One of the trickiest decisions many of my clients have to make is choosing their garden design ‘style’. There is a rich tapestry of garden styles influences and history, both from the UK and abroad, which leaves one spoilt for choice when deciding on the theme of your garden. New technologies and materials mean that it is now possible to sculpt your garden in many different ways and garden design is becoming as diverse as interior design has been for years.
Work out what you want from your garden
Moodboards are a great starting point. In years gone by the best way to create a moodboard was to cut pictures out of books or magazines and arrange them as a collage of ideas – this still works a treat and can be good fun. However the internet has made the process very easy and gives you instant access to a world full of images and themes. Image-based social media such as Flickr, Instagram and Houzz allow you to gather (and impart) inspiration on just about any subject. I am a real fan of Pinterest, and adding the ‘pin it’ button to your browser makes it a doddle to collect and assemble ideas .
Although mood boards and internet searches can help you understand the possibilities for your garden, there is nothing like seeing things ‘in the flesh’ to hone your likes and dislikes. Arm yourself with a digital camera (or smartphone) and get out there. Visit garden centres, take in a few garden shows such as Hampton Court and Chelsea, spend an afternoon wandering round the grounds of a National Trust property or go to a local Open Garden weekend. Take photos of anything that catches your imagination, photographing labels as well helps you remember plant names or products. These images can then be uploaded to your mood board.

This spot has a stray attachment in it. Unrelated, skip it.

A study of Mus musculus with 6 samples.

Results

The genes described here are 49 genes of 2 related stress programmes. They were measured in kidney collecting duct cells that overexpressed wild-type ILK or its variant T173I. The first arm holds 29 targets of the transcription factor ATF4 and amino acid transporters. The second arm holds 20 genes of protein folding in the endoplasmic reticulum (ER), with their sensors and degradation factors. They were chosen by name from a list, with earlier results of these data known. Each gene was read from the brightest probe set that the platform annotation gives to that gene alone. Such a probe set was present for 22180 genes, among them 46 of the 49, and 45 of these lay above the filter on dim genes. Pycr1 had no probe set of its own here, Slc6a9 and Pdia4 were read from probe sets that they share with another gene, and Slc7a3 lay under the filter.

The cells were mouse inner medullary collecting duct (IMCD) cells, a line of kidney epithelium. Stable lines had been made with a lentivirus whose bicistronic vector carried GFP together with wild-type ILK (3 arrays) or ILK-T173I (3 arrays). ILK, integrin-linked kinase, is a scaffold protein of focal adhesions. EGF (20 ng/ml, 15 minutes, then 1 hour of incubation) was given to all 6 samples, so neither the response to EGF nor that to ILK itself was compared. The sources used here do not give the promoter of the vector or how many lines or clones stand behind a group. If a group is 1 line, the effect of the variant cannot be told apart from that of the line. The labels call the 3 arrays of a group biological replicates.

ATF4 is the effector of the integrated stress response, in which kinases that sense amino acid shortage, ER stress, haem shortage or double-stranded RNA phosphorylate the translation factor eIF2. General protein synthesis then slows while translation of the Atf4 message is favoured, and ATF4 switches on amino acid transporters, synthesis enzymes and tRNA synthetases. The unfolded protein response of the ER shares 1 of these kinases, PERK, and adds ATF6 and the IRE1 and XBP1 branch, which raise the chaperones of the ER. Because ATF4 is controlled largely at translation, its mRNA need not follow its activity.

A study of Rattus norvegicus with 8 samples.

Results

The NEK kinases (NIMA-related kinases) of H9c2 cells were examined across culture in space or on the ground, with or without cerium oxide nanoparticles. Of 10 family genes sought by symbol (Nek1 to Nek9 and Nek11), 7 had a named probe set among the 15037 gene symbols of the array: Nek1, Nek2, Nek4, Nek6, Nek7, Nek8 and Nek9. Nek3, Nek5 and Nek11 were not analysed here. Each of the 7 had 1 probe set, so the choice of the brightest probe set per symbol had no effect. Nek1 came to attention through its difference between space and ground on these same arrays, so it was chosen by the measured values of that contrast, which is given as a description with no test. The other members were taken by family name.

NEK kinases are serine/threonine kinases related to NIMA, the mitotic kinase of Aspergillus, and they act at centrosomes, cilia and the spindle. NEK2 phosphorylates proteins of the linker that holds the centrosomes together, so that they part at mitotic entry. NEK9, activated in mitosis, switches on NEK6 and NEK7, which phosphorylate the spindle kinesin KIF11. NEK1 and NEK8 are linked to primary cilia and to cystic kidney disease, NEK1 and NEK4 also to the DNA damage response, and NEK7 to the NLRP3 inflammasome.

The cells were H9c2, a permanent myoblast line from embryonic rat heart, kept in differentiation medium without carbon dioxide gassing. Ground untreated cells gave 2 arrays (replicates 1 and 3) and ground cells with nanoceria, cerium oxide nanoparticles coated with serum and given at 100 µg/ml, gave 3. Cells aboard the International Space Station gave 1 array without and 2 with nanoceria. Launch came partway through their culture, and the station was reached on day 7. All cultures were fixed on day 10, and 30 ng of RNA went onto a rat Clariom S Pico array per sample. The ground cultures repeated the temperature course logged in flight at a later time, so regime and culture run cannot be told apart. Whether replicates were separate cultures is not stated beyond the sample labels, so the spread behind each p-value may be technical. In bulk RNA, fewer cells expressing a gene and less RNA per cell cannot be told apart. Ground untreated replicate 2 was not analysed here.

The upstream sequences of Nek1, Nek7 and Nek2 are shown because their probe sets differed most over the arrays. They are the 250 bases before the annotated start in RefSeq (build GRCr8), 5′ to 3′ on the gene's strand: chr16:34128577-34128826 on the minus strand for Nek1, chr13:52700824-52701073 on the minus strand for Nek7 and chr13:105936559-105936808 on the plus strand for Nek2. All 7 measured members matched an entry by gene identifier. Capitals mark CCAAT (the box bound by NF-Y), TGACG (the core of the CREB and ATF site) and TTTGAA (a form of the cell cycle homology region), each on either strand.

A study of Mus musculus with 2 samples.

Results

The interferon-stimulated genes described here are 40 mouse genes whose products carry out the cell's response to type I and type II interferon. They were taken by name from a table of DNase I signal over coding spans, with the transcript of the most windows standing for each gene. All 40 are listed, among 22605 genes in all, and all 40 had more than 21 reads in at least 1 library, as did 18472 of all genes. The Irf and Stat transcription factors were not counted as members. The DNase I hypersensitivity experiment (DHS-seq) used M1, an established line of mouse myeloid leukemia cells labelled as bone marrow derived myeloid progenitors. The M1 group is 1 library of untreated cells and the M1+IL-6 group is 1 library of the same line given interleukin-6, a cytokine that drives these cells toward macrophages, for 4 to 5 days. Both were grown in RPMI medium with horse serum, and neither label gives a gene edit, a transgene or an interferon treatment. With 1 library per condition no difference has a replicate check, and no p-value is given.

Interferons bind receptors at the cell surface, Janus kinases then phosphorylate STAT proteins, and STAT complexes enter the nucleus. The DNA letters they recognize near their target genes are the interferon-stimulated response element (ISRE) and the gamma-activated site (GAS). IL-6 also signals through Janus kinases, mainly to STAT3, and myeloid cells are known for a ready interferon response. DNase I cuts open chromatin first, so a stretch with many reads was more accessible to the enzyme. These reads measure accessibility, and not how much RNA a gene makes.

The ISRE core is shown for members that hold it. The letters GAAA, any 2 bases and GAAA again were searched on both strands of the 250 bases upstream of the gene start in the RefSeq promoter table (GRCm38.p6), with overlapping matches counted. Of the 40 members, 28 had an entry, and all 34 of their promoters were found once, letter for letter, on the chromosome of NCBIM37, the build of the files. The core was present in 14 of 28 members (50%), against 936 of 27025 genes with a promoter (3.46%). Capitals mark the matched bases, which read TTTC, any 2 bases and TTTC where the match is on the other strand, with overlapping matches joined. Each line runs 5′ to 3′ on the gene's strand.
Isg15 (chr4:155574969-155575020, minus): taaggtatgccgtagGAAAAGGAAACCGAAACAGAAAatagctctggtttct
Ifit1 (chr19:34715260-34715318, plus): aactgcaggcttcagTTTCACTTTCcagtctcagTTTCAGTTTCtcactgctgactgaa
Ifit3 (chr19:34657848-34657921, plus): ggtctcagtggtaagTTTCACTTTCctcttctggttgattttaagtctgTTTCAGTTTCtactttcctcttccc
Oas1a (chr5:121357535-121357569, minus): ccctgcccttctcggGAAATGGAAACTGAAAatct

Garden Design Styles to choose from
There are enough distinct genres in garden design to guarantee that you will find a theme for your garden that suits your taste. Urban gardens will tick many boxes, repeating patterns and cramming a lot into quite a small space. Wildlife gardens tend to be free and less structured, with plenty of wildlife-friendly plants and places for wildlife to live and hide. Contemporary spaces have crisp, clean lines with minimal clutter and use a mixture of natural and man-made materials to create a sleek and architectural design. Formal gardens are usually geometric, with a clear layout and balanced symmetry structured around a central feature. A cottage garden will be packed full of flowering plants and narrow paths, colourful and fragrant with repeating colour and planting themes.
Don’t be frightened to mix and match garden styles – if done with confidence this can create something wonderful and unique. Add stainless steel to a cottage garden scheme, or use topiary balls with plastic and stone spheres
. Some of my most successful designs have combined styles in a bold fashion. Think about textures – smooth against rough, spiky with soft, curves with angles – contradictions make for arresting statements and add a real ‘designed’ feel.